RALEIGH, NC (WBTV) - The Commissioner of the North Carolina Division of Motor Vehicles sent a memo to staff Wednesday announcing that the secret driver's license office at its headquarters will be discontinued.
The commissioner said the appointments taking place at the office will be stopped and will not be restarted.
The announcement comes a day after a WBTV investigation uncovered a secret driver's license office available only to certain state employees.
WBTV learned about the office earlier in August, as DMV Commissioner Torre Jessup took public steps to address the longer-than-normal wait times at driver's license offices across the state, which left residents standing in lines outside of offices for hours just to be able to get a number to wait inside.
As Jessup pledged his agency would take additional steps aimed at reducing wait times at public driver's license offices, his agency was scheduling 20-minute appointments for certain state personnel to get their ID cards at the agency's Model Office.
The Model Office - the name given to the facility located on the third floor of DMV's headquarters building where staff tests the equipment used to issue licenses prior to any updates or other modifications being made - has opened for one week each month since January.
In Wednesday's memo, Jessup said the office was opened as part of an effort to meet the demand for REAL IDs in North Carolina.
The federal deadline for those who will need REAL IDs to fly or visit federal and military buildings is October 2020.
On Tuesday, North Carolina State Representative Scott Stone (R-Mecklenburg) sent a letter demanding answers from leaders of the NC DMV and NCDOT.
Stone, who sits on the House Transportation Committee, sent the letter the same day the WBTV investigation aired, to DMV Commissioner Torre Jessup asking about the secret driver's license office.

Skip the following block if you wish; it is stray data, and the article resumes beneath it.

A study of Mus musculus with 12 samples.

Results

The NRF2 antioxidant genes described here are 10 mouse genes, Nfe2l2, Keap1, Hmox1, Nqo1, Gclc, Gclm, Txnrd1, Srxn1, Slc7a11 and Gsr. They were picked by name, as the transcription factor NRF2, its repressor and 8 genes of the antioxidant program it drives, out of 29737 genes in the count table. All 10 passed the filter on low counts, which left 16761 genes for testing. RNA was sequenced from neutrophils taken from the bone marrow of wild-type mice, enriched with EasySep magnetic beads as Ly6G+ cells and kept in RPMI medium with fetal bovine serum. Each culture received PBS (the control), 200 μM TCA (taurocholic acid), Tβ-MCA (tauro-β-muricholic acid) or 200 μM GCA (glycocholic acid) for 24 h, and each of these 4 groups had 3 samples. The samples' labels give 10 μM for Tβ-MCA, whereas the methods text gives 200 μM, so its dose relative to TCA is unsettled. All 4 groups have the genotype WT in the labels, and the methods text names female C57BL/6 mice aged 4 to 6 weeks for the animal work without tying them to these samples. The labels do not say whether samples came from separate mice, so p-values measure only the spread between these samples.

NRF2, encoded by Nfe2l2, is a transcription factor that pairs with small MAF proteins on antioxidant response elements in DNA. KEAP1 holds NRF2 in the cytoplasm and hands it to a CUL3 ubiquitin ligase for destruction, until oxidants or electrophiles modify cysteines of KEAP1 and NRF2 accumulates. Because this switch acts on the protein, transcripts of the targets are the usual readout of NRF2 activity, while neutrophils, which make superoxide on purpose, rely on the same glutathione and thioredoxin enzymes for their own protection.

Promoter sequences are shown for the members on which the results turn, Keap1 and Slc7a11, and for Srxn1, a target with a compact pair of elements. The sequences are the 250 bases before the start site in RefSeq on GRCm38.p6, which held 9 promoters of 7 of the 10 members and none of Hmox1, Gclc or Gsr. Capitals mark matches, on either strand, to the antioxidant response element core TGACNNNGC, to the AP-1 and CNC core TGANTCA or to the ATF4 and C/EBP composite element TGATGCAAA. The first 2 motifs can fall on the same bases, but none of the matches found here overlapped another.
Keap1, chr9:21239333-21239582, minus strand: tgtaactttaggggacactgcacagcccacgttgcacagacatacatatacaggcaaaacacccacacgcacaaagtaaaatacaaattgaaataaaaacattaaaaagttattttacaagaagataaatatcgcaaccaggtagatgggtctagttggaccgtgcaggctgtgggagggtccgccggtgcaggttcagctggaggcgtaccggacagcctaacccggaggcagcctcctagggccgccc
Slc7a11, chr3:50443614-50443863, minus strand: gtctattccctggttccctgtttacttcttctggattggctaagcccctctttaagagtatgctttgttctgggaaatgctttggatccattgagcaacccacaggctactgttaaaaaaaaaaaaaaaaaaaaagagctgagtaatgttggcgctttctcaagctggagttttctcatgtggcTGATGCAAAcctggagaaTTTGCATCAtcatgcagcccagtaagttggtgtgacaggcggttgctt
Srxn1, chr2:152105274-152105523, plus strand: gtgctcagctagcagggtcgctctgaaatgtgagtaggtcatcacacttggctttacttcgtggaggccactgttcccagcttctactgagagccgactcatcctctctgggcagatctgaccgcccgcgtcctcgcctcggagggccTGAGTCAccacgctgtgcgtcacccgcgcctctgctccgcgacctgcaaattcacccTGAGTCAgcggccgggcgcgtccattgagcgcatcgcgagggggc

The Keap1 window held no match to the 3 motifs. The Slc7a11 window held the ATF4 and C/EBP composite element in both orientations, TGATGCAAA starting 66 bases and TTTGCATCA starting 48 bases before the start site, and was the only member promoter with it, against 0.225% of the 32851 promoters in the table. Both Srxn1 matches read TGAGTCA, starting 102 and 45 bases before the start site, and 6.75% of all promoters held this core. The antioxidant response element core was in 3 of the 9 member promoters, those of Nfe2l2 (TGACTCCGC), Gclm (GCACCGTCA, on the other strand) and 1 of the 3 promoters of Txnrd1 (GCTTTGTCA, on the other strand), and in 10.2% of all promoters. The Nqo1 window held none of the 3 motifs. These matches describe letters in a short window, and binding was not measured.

A list of employees who signed up to get a license at the office in August shows senior staff from the office of Governor Roy Cooper, the North Carolina Department of Agriculture and employees at NCDOT took advantage of the opportunity.
Document: Read the letter sent by Rep. Scott Stone
On Wednesday, State Senator Tommy Tucker (R-Union) discussed the secret DMV office and called it a "quick stop" office.
Tucker and other lawmakers asked for the Joint Legislative Commissions on Government Operations to investigate why the office existed in addition to other problems that have plagued the DMV throughout the summer.
When a WBTV producer visited the headquarters building with a hidden camera and asked if he could get a driver's license, a security guard told him that the office was only available to "state employees and their associates."
When a WBTV reporter spoke with a DMV spokesperson, the staffer denied the existence of the office.
"Hi, we're here to talk to you about the driver's license office on the third floor," the reporter said.
"There is no driver's license office on the third floor," DMV spokesman John Brockwell responded.
Brockwell eventually acknowledged the Model Office's existence and then proceeded to rebut questions from WBTV about why his agency deemed it appropriate to offer quick, 20-minute appointments to select state employees while regular citizens waited in line for hours at offices across the state.
"We're not giving special privileges to certain people. We've had this on the books for the last several months," Brockwell said when asked the first time.
Even after he admitted a person couldn't just walk in off the street and schedule an appointment at the model office, Brockwell continued to insist the Model Office was not a special privilege extended just to select state employees.
"We have thousands of state employees that would like to get a REAL ID," he said. "We don't consider it special treatment."
You can read Wednesday's full memo below.
DMV staff has refused to make Commissioner Jessup available for an interview, despite Brockwell's promises to do so.
Additionally, a spokesman for NCDOT Secretary Jim Trogdon, who oversees DMV, has yet to answer whether Trogdon was aware of the office.
Similarly, Cooper's office has not responded to multiple requests for comments.
On Wednesday, following the Government Operations commission meeting, a WBTV reporter tried to ask Kristi Jones, Cooper's chief of staff, why nobody in the Cooper Administration would provide a comment to the station.
Jones refused to answer the question, even as the reporter pointed out that Jessup had done interviews with other media outlets after WBTV's investigation broke on Tuesday.